This is a course in Chinese Language and Culture for the non-native speaker, with approximately 70% weighting towards language and 30% towards culture.
The four strands are organised around domains of language use that are seen as potentially relevant and meaningful to junior cycle students:
Strand 1: Myself, my family and my friends. Students communicate about themselves in personal settings.
Strand 2: Out and about in public places. Students acquire language to participate in different public situations
Strand 3: Education and school. Students communicate with teachers and peers in school/out-of-school settings
Strand 4: Chinese and young global citizens. Students learn and talk about Chinese people, both in China and around the world, and their connections with other cultures and peoples.
In the four separate yet interconnected strands, students develop communication skills, intercultural and language awareness, and competence in digital literacy.
While the four strands suggest a particular order for learning, this can be modified by teachers or students depending on need. All students are required to achieve the same learning outcomes but will do so to different degrees of competence.
The short course adopts an activity and task-based approach to language learning. Activities and tasks encourage students, with the guidance of their teachers, to identify and call on the target language they need to achieve a ‘real-world’ outcome. The target language needed includes language skills (listening, speaking, reading and writing), grammatical forms, vocabulary and pronunciation (including tones). Samples of each of these are set out in the sample exponents. The sample exponents set out examples of specific learning which should flow from engagement with the learning outcomes of the course (Appendix 2).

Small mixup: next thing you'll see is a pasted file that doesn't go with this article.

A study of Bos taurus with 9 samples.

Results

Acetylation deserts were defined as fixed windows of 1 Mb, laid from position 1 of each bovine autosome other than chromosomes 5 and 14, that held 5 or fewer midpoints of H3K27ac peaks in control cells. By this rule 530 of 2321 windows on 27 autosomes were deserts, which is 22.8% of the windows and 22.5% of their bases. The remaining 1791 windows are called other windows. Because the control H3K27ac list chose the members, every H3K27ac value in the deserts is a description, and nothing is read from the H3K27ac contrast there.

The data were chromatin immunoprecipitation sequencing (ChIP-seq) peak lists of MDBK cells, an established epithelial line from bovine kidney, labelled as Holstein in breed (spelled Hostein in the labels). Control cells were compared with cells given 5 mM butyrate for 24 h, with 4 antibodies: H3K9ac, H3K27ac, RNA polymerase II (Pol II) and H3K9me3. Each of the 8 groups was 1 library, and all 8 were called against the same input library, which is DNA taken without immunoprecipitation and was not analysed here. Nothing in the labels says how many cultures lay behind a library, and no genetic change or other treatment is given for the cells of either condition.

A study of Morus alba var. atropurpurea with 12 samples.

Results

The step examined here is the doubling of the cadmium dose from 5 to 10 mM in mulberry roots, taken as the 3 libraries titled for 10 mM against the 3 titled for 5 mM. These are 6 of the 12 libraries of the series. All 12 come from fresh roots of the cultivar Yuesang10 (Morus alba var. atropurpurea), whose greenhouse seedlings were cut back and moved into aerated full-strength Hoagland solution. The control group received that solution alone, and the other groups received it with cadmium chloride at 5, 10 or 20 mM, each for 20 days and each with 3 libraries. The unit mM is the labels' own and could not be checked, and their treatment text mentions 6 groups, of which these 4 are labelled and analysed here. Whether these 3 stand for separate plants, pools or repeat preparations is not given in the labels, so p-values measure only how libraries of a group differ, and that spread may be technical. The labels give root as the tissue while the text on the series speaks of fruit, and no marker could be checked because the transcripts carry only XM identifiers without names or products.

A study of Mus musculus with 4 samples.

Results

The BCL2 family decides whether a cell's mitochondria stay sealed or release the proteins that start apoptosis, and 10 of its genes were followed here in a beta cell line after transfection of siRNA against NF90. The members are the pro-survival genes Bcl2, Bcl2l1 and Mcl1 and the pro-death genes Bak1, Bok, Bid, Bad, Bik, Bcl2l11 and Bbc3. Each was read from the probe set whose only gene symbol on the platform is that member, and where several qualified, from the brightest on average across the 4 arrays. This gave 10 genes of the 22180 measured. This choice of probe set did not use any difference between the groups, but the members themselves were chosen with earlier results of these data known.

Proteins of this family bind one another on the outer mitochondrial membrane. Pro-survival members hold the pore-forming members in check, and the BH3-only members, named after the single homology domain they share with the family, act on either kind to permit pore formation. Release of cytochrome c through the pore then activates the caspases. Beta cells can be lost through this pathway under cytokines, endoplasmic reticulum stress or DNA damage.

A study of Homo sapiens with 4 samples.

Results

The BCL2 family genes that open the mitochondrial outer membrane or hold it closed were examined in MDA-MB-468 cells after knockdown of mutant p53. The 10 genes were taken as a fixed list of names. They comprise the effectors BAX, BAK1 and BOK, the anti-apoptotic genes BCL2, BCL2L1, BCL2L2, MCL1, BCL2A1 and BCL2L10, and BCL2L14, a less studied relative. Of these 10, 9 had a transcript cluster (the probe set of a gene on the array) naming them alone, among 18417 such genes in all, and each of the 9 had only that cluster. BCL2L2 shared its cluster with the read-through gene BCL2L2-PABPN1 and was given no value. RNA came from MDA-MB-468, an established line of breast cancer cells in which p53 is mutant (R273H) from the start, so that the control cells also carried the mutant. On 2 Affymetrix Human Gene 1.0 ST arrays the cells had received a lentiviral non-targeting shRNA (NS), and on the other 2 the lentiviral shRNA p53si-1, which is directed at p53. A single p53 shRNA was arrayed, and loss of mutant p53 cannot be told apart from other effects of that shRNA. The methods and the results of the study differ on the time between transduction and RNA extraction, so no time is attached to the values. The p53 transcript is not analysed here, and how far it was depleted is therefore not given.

The Classroom-Based Assessment reflects the learning students undertake in this NCCA short course. Schools have the flexibility to adapt any NCCA short course to suit their particular needs and school context. If adapting the course, schools may also need to adapt the Classroom-Based Assessment, so that it reflects the learning their students undertook. Schools may also develop their own short course(s) and related classroom-based assessment. Guidelines for schools who wish to develop their own short course(s) are available.
The learning outcomes of this course are broadly aligned with the level indicators for Level 3 of the National Framework of Qualifications (Appendix 1).
The Chinese Language and Culture short course has been designed for approximately 100 hours of student engagement.